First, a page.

By a 5-0 vote at its August 8th Open Meeting, the Commission approved a Report and Order to streamline and update the rules governing the construction and marking and lighting of antenna structures (i.e. structures housing communications equipment). Modernization of these rules has been in the works for many years and is being addressed as part of the Commission’s process reform initiative.

The FCC’s goal with these updates is to increase efficiency in the tower construction process while at the same time improving compliance and maintaining the safety considerations for pilots and aircraft across the country. Currently, companies constructing new tower sites must navigate an extensive approval process, including the National Historic Preservation Act (NHPA) and the National Programmatic Agreement (NPA), review by potentially affected Tribal Nations and State Historic Preservation Offices, EPA’s National Environmental Protection Act (NEPA), as well as review and approval by local governments, the FCC and the FAA. Tower owners must also comply with tower painting, marking and lighting requirements.

In a recent blog post, Chairman Wheeler said the new rules seek to “provide clarity and reduce regulatory burdens on antenna structure owners and licensees” while protecting the FAA’s requirements to protect air travel. Wheeler expects the updates “will enable the companies that deploy wireless networks to build out quickly without unnecessary burdens and, as a result, benefit American consumers by meeting their demand for more and more wireless service.”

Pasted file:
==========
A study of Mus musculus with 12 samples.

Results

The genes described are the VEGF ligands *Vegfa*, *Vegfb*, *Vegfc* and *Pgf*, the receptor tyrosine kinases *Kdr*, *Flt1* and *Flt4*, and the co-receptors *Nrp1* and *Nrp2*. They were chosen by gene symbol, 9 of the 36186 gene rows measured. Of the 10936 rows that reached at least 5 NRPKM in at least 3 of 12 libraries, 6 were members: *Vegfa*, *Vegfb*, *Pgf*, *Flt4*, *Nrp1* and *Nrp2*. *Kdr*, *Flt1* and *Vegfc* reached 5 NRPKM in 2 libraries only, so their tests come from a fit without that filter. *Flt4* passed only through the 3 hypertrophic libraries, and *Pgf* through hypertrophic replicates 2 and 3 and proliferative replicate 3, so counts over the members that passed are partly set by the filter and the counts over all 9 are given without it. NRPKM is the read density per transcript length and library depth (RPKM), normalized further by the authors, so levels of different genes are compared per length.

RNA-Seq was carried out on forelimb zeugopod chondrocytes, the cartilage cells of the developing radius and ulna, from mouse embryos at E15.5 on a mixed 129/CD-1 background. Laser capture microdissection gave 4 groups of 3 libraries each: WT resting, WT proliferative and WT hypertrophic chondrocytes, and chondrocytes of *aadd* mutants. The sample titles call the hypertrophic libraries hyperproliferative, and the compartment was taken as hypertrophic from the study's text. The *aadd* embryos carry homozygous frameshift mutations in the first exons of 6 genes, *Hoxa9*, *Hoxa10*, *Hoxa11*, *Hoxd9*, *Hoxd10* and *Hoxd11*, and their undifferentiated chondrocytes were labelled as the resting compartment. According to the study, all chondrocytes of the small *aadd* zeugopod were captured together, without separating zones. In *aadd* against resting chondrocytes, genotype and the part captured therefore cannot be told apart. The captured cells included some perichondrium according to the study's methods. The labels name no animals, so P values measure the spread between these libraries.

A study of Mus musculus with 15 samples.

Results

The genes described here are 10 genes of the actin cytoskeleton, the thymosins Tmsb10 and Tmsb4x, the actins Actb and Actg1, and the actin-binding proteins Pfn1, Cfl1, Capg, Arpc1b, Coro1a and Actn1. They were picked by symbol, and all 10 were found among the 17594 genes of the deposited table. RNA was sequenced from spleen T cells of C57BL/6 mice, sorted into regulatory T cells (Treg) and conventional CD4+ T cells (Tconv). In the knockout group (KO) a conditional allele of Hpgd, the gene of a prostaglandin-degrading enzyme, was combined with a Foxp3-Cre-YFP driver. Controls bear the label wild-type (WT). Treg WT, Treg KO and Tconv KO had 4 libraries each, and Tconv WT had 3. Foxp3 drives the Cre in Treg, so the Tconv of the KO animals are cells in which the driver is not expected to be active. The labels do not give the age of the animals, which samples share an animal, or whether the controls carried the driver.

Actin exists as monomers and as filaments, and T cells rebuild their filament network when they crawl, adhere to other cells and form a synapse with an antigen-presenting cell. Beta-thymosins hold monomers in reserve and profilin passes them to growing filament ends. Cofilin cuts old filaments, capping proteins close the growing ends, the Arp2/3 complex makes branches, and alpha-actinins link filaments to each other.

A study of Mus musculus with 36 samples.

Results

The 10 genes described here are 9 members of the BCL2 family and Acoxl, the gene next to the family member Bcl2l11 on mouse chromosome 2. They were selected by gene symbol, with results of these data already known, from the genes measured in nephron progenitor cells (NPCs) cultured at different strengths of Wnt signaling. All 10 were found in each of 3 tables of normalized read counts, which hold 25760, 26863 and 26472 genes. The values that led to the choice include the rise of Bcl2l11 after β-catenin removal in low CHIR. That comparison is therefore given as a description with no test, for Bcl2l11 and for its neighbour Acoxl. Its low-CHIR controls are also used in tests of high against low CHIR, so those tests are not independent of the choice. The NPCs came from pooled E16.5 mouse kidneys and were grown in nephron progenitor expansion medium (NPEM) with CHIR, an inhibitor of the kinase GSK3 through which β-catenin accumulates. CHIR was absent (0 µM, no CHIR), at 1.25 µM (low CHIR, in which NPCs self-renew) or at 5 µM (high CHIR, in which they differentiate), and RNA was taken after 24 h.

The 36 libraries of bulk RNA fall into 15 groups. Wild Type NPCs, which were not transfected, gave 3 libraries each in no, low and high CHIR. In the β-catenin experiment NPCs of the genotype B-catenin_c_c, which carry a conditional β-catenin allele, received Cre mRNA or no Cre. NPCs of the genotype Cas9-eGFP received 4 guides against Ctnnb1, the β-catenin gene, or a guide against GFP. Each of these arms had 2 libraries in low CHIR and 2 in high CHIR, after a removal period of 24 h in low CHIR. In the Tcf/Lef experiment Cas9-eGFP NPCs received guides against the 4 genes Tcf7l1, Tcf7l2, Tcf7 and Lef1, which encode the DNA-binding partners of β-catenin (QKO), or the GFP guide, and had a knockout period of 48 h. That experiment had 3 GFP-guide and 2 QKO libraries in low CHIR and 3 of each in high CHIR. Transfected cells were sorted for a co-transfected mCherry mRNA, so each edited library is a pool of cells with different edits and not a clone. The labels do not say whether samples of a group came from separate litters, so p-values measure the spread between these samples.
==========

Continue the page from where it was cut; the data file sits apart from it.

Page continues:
The specific changes to the Part 17 of the FCC’s rules addressing antenna structures, are not yet public since the Report and Order is not yet available. However, the FCC’s Wireless Telecommunications Bureau indicated the updated rules eliminate outdated provisions and streamline the regulations with FAA regulations, meaning the Report and Order deserves a close look by those owning and deploying antenna structures, as well as the operators using them. We do know that there will be an exemption from quarterly physical inspection of towers for tower owners that use robust remote monitoring systems. Additionally, the FCC updated the rules for lighting outage reporting and tower maintenance requirements. The new streamlined process could facilitate small cell and broadband deployment nationwide, which continue to be high priorities for the Commission and commercial mobile wireless providers. But tower construction firms, utilities, and many others will have a real interest in the Report and Order as well.